These real incidents show how relaxation and improved reflexes from martial arts training can save people from serious injuries. These principles apply to any sort of accident.

The principles taught both in Aikido and Tai Chi for balance and safe falling are extremely helpful as we get older.

In 2015, I received an email from an old student to thank me for what he learned in our classes. “Huh,” I thought? About 11 years prior he came into the dojo and trained for about one month. He didn’t practice that much, and then he stopped. Another month goes by and he comes in to take one class. That was it. What did I do?

Falling Safely:
True Stories

The story went on – “I was bicycling home up first avenue at a pretty fair clip. (Citibikes can't go *that* fast. But I was pedaling mine as hard as I could.) Abruptly a bicyclist ahead of me cut me off. Didn't signal. Didn't look. Just turned right into my path…My bike hit the divider and I went flying over the handlebars. I watched as planet earth hurdled at me and held my hands out to break my fall…

I remember looking between my hands at the rapidly approaching asphalt. And just before contact my last thought was (really) ‘this isn't going to hurt so bad.’

Contact! Hands. Right wrist. Forearm. Elbow. Upper arm. Shoulder. And back. Had I come to a stop? Yes. Ok, hands stung. But they looked ok. Anything broken? No. And nope. And no... I'm good.

I got up. A crowd had gathered. ‘Are you ok?’ one asked.

‘Fine.’ I paused. ‘How did that look?’

‘It looked pretty bad.’ I have to admit, I was quietly delighted that I could take a bad bike accident, roll into it, and get up and walk away.”

In another situation, a mother held her breath as her eight year old child was running quickly, tripped and fell down a steep, rocky hill. He simply rolled and got right up without a scratch.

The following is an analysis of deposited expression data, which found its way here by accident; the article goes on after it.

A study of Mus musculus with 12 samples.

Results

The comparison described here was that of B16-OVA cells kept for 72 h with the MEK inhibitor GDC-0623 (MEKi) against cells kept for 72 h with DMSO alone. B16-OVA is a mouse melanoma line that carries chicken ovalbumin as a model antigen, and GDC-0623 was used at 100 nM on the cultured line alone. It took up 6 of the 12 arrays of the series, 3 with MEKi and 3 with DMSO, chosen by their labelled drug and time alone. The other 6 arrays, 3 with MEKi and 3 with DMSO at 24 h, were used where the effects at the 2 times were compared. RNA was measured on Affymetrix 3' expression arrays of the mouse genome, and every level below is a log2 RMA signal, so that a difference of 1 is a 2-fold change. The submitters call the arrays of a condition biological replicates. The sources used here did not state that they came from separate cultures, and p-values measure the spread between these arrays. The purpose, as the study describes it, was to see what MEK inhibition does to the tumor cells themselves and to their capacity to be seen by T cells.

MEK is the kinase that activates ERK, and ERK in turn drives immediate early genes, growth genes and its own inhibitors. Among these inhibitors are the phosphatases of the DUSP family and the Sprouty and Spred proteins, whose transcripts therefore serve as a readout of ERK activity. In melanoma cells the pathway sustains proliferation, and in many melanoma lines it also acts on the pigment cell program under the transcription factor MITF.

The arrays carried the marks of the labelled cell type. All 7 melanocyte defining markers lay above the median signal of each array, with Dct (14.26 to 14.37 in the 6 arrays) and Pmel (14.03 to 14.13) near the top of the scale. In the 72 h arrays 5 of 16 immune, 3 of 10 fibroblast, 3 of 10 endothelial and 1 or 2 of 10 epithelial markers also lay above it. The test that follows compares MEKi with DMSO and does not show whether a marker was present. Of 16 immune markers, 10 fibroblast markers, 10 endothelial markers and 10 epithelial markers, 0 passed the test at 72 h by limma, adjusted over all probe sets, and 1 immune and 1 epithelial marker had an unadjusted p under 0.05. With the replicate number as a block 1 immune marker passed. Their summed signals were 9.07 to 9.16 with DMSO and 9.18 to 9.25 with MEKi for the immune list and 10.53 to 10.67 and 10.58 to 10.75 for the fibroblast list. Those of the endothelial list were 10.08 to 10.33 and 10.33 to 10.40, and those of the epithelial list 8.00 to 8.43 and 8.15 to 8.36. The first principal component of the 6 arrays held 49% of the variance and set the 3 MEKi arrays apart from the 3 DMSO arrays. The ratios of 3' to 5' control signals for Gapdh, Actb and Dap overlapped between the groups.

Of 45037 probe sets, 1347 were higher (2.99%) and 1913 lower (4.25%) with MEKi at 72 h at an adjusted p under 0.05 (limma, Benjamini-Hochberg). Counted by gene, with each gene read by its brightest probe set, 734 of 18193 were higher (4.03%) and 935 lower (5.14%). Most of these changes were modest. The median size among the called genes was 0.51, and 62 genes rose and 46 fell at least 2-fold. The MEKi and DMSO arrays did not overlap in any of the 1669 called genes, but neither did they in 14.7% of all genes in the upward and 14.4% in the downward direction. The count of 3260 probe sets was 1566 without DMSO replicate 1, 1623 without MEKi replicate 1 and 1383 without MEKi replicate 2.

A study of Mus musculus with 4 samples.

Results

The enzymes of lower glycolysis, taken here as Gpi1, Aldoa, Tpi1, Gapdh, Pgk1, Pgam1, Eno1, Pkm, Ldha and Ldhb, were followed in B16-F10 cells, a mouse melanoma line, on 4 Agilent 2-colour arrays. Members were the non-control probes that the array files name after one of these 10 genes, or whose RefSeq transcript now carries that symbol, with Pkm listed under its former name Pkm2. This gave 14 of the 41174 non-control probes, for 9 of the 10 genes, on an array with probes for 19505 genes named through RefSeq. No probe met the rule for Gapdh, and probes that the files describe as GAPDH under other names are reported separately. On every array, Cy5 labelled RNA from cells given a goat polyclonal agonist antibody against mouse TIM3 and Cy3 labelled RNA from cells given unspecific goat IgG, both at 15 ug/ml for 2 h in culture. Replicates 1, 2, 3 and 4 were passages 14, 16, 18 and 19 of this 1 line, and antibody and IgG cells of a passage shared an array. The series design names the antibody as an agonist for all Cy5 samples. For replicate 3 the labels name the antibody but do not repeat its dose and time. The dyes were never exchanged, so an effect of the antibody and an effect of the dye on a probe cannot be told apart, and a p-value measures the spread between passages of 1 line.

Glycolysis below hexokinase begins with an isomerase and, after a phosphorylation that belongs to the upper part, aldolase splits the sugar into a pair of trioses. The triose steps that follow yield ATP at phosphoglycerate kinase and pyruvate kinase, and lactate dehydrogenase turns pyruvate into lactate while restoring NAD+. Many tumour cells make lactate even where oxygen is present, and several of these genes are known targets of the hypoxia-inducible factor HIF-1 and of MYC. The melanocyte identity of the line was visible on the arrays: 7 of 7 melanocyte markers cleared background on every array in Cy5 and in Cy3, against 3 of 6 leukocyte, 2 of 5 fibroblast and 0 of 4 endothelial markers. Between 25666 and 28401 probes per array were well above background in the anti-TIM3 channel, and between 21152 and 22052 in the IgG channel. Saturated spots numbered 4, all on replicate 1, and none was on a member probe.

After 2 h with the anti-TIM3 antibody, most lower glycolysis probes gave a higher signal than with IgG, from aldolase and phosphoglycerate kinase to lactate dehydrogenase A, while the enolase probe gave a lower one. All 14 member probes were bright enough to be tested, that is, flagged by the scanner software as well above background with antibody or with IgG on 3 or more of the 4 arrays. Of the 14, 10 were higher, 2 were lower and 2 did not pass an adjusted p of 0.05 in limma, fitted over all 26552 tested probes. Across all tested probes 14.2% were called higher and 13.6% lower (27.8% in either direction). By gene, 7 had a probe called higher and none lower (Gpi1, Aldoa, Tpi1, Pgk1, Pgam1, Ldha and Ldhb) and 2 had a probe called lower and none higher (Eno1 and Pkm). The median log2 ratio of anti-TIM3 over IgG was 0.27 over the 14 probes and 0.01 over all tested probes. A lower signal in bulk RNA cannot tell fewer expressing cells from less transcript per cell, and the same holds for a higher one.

Accidents happen for both adults and children. Learning to fall in Aikido can help. One learns to defray impact through circular motion, whether forwards or backwards. In addition, one can slap the ground with arms and legs to take the impact away from the trunk of the body. Care is given to expel all air from the lungs before impact. Tai Chi can also improve balance and leg strength. This can prevent falls and lessen their impact if they occur, but the falling technique in Aikido is particularly helpful. In any case, these sorts of accidents thankfully are not daily occurrences. But for those who are fortunate enough to avoid more serious consequences, I am sure they are grateful for the benefits of their practice.

A Lifestyle with Lower Risks of Injury/Problems

Good judgment comes from experience. Experience comes from bad judgment.

Learn by Testing in a Controlled Environment and Applying to Real World Example

What We Learn Through Practice:
  1. 3 most important principles: attention, attention and attention
  2. Best way to get injured: think you can never get injured
  3. Other best way to get injured: be terrified of getting injured
  4. Don't drink, but if you do, remember rule #2
Avoiding Auto Fatalities (NHTSA data)
  1. 31% Drunk Driving - see rule #4. Why would you drive if drunk?
  2. 28% Speeding - rule #1-3. Pay attention, don't act recklessly, be calm in emergency.
  3. 12% Distracted - rule #1. Need we say more?
  4. 2% Drowsy - rule #1-2. Know you are drowsy and take proper precautions.
  5. Est 14,955 lives saved by wearing belts. Rule #2 - why would you not wear one?